By Teresita Then
Receptionist at Life Ready Mobile
“I couldn’t sleep again last night.”
Have you tried counting sheep? Alcohol, perhaps?
How about chamomile tea? Some warm milk?
Every so often we hear of people with sleeping problems, or we ourselves face those and are given advice which is likely examples of experiences from others or folkloric tales.
Have you ever wondered if these so-called facts or myths hold any truth to them?
COUNTING your sleep?
While counting sheep may be the universal advice you will hear when someone has trouble sleeping, it has not been positively proven to help stimulate sleep. In fact, the opposite may be true. According to Michael Decker, sleep specialist at Case Western School of Nursing, he believes that counting sheep triggers our thoughts process to keep track of the number of sheep, and for some, it takes brainpower to imagine sheep jumping over fences. Albeit, it’s not all useless. If your difficulty of sleeping is because you’re swamped with 1001 things on your mind, counting sheep can serve as a distraction without overstimulating your anxious brain. On the other hand, a behavioural research study showed that it is more fruitful to induce sleep by conjuring calm, relaxing scenes when trying to fall asleep. (1)
MILKING your way to bed?
The next common remedy is drinking a warm glass of milk before bed. The theory behind this is that milk contains amino acid tryptophan, which converts to serotonin, a hormone believed to be sleep-inducing. However, contrary to the schools of thought, milk is unlikely to stimulate sleep because of its insufficient tryptophan levels along with other processing factors affecting the availability of tryptophan in the brain in order to boost serotonin production. (2)
Time to WINE down?
Contrary to popular belief that alcohol puts you to sleep – although alcohol encourages the transition from wakefulness to sleep – it is known to disrupt your sleep rhythms, resulting to more arousals at night. Hence alcohol, does in fact, reduce the quality of your sleep. Do think twice before downing a glass when you’re in hopes of a restful sleep.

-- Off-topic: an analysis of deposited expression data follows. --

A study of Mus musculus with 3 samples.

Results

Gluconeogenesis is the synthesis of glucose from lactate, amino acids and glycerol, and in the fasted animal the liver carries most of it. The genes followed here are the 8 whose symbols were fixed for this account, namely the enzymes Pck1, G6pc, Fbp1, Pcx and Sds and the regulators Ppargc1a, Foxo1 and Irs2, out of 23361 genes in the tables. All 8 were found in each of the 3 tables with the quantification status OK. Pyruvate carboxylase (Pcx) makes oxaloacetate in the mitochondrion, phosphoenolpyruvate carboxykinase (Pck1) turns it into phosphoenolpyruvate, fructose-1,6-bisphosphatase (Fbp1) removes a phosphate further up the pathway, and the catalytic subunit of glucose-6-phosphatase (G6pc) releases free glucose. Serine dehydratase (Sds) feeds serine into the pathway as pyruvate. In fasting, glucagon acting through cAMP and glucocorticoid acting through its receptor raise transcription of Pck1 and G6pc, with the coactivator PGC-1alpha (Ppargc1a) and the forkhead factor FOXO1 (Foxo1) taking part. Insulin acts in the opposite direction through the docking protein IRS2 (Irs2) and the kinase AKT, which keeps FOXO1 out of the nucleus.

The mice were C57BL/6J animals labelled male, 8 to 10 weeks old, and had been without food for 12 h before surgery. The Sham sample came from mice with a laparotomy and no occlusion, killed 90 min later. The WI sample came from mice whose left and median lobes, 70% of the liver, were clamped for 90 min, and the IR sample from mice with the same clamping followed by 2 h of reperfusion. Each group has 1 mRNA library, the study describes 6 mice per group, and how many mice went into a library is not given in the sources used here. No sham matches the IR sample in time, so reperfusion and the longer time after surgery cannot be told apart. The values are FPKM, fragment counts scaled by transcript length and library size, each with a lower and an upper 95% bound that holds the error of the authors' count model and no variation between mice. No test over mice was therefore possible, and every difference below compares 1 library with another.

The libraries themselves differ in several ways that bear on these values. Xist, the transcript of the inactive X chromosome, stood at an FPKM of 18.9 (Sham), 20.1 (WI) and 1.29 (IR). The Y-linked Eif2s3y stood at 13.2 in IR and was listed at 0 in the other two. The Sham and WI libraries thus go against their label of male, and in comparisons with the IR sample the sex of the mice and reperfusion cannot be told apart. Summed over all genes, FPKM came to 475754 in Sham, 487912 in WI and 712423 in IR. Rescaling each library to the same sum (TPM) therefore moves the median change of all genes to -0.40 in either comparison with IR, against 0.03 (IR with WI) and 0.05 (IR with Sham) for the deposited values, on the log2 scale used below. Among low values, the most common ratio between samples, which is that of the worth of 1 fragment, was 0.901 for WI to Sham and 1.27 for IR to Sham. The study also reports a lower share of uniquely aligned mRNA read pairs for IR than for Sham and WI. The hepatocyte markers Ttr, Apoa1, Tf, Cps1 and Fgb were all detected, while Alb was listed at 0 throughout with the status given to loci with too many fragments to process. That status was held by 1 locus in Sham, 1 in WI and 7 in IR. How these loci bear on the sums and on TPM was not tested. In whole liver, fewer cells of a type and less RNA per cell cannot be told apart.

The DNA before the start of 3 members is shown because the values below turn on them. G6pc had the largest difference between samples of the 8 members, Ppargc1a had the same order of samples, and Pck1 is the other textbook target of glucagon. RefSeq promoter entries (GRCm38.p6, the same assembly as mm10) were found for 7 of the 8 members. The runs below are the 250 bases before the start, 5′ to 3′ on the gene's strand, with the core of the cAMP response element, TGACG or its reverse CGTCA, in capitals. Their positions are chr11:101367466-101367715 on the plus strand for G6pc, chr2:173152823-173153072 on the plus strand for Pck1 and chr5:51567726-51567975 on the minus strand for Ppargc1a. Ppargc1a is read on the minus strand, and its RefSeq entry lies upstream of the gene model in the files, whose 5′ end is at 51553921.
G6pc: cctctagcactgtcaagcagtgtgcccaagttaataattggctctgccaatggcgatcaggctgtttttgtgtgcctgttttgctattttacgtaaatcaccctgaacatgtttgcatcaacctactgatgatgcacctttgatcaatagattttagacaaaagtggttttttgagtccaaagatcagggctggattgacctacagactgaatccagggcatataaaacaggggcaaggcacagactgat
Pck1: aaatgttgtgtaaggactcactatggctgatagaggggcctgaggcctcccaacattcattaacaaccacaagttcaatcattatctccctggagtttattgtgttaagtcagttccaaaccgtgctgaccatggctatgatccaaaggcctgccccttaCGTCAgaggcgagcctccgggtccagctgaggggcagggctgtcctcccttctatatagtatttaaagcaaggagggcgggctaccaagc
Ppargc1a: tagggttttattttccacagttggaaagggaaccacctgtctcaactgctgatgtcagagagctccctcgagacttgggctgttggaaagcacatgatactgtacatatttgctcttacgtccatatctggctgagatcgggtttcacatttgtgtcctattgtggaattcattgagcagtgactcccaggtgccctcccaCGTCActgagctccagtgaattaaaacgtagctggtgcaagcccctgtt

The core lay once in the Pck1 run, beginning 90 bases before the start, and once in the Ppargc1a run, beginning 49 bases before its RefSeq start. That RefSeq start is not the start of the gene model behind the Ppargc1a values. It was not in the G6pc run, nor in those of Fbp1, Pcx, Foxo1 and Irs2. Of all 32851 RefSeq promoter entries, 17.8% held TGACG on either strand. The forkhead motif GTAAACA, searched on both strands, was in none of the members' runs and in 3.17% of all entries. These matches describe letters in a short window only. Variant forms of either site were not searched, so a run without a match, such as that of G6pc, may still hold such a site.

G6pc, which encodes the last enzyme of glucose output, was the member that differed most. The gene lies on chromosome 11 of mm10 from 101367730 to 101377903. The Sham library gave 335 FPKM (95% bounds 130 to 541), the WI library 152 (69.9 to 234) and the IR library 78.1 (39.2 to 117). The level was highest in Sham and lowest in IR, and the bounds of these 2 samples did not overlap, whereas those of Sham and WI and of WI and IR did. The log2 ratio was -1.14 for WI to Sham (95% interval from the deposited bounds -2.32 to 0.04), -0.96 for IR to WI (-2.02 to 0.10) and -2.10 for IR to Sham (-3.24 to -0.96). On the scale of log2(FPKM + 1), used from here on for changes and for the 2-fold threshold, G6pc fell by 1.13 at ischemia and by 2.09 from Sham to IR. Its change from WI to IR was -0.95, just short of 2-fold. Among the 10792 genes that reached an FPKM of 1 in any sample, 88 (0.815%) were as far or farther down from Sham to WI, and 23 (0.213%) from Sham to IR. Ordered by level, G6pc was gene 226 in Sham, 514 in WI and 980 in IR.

Is it STEEP time?
We are often advised to choose chamomile tea at night if we do not want sleep to be affected. Indeed, history and studies have shown that chamomile has sedative properties and is used as a relaxant to decrease anxiety. This is because it contains an antioxidant, apigenin which can help initiate sleep (3). Conversely, if you are allergic to pollen, beware as it may cause an allergic reaction. You wouldn’t want to trigger any allergies before sleep!
There are so many varying opinions of different food remedies or habits that can induce sleep. Ultimately, what may or may not help depends on the individual themselves. More often than not, these theories worked because of their placebo effects. When a person deems the substance to be helpful, it takes away the worry and convinces them that it would aid sleep. Conclusively, no matter what method you choose, the key is to relax and ease your mind from anxieties before bedtime, and the rest will kick in.
- Harvey A.G., Payne S., The management of unwanted pre-sleep thoughts in insomnia: Distraction with imagery versus general distraction. Behavioural Research and Therapy 2002; 40 (3): 267-277.
- Wurtman R.J. et al. Effects of normal meals rich in carbohydrates or proteins on plasma tryptophan and tyrosine ratios. Am J Clin Nutr 2003; 77: 128-132.1
- Avallone R., Zanoli P., Corsi L., Cannazza G., Baraldi M. Benzodiazepine compounds and GABA in flower heads of matricaria chamomilla. Phytotherapy Res 1996; 10: 177-179.